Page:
It is strange to look at my last post and think how much has changed in a just few months. Back in January, I’d never even heard of the ‘coronavirus’ and wrote about enjoying casually drawing outside. Nowadays, we barely leave the apartment, and it looks as if we’ll all be homebodies for quite sometime to come. Any drawings I do for the foreseeable future will be done AT HOME.
A few weeks after that last post, in late February/early March, Several cities in the Bay Area got their first coronavirus infections, including San Francisco, and quick follow through by local government and the private sector meant that I was working at home full time by March 13th. However, two months later, much of the world seems to be losing its mind at being housebound. Even the survivalists, who always appeared to be gleefully preparing for just such an apocalyptic moment of societal collapse, are now taking up arms and angrily storming City Hall steps across the USA: ‘Dammit, society.. we can’t quit yew!’
Perhaps I’m better prepared for this moment than most, having already endured a personal apocalypse not so long ago. When paralyzed by my stroke, I was functionally a shut-in for 2 or 3 years, while re-learning how to talk & walk, etc. My effective range was only a few feet from our front door and I rarely left the apartment, gnawing my insides out with anxieties about my future, mounting medical debt and inability to earn a living. So, I already have plenty of experience with this existential crisis thang. Last time around, I learned that the human mind is quite capable of eating itself if you let it. So you must not let it. Instead of plunging into a pit of despair, look in the other direction and keep your mind occupied, ideally with tasks that help you climb out of the hole.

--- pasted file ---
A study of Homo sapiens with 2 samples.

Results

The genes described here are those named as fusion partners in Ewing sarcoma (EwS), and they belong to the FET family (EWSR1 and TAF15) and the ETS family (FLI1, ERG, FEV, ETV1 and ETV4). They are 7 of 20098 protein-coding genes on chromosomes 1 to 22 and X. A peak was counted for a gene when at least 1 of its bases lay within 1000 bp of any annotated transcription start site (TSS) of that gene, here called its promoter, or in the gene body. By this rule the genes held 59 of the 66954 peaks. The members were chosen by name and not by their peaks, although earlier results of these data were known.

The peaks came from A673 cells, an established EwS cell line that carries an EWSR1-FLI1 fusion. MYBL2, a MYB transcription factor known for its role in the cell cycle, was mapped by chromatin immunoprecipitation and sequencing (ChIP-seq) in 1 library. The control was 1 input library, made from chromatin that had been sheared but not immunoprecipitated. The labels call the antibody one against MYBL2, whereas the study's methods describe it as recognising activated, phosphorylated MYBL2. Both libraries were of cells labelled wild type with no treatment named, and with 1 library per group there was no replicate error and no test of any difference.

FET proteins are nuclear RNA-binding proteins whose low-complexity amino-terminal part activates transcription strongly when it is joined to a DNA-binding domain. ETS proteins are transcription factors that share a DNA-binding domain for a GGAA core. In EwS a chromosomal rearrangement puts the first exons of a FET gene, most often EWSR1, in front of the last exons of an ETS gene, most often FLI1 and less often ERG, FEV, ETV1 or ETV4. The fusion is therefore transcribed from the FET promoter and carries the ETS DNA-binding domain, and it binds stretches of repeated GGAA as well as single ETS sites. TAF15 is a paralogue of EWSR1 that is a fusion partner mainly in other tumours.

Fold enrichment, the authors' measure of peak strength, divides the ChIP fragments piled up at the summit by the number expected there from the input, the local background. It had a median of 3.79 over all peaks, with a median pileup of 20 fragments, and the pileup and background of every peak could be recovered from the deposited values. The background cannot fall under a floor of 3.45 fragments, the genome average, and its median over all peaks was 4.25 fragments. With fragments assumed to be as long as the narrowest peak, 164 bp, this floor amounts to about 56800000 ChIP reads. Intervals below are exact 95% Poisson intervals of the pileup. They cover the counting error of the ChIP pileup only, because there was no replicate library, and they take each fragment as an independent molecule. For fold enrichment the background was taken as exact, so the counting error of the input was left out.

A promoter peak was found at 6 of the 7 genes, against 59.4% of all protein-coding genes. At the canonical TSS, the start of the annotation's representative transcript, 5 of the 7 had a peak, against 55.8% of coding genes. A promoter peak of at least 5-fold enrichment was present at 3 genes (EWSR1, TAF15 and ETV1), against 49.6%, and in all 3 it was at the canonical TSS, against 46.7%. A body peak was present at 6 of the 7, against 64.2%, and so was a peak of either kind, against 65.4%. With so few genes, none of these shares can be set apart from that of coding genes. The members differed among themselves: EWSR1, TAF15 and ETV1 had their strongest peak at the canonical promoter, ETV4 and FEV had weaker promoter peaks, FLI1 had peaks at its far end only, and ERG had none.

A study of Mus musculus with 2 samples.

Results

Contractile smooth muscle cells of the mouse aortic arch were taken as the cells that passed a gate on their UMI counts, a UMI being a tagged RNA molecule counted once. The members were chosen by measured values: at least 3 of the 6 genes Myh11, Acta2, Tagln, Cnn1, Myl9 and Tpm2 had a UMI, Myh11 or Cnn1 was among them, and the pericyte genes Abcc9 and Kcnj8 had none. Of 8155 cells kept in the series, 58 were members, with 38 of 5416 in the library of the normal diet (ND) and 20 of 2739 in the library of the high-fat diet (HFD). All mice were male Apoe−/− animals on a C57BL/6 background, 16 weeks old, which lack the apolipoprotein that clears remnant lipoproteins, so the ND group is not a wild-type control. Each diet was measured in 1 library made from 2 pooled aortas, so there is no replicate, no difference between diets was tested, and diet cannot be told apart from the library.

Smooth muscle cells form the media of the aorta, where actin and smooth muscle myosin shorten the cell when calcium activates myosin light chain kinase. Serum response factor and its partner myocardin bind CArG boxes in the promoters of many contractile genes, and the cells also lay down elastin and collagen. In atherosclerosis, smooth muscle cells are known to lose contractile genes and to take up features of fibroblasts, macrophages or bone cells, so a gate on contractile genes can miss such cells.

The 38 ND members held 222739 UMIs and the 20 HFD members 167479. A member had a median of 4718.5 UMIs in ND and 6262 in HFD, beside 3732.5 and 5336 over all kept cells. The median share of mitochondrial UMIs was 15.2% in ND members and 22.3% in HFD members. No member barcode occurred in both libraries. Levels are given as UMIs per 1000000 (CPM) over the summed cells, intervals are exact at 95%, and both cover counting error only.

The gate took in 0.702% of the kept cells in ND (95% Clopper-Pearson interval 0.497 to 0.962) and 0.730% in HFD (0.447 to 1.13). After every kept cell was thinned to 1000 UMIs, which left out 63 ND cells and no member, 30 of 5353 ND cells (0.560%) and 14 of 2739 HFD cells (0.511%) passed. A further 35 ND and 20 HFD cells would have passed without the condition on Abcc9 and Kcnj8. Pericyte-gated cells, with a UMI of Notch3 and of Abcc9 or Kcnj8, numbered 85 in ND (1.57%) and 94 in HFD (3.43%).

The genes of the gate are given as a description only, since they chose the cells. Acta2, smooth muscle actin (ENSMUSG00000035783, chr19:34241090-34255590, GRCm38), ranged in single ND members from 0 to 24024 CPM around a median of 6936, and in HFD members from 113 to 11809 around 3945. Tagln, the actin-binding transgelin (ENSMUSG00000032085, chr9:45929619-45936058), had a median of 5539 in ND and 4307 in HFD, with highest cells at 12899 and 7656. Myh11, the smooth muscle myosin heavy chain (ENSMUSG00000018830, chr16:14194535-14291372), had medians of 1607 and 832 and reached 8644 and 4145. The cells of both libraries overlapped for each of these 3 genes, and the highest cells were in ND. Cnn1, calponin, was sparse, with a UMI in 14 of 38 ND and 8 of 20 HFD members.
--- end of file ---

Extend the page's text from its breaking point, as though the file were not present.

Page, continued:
My current situation is actually a vast improvement over my previous crisis. I can now draw (sort of) and therefore have the means to entertain myself, plus a job, and fortunately it can be done from home. Freed from my daily commute, I have 3 extra hours to sleep-in in each day. While I feel very lucky, I’ve learned to never take any moment for granted. Fate is a drama-queen that might flip over your banquet table at any time, so enjoy as much of that tasty pudding as you can, before you’re suddenly sitting in it.
Between work assignments, I doodle away on Rocket Rabbit comics and coincidentally, the book that’s been my art-therapy project for the past few years already had a post-apocalyptic setting. A cartoon version of all that Omega Man/Andromeda Strain/Mad Max stuff. A few years ago, it seemed amusing to do a silly-apocalypse comic book, and now, in the real world, we have people battling over rolls of toilet-paper. Mad Max got it wrong; actual Immortan Joes are stockpiling hand-sanitizer and bum-wad, rather than aqua cola & guzzoline.. Cartoon absurdity has become our reality.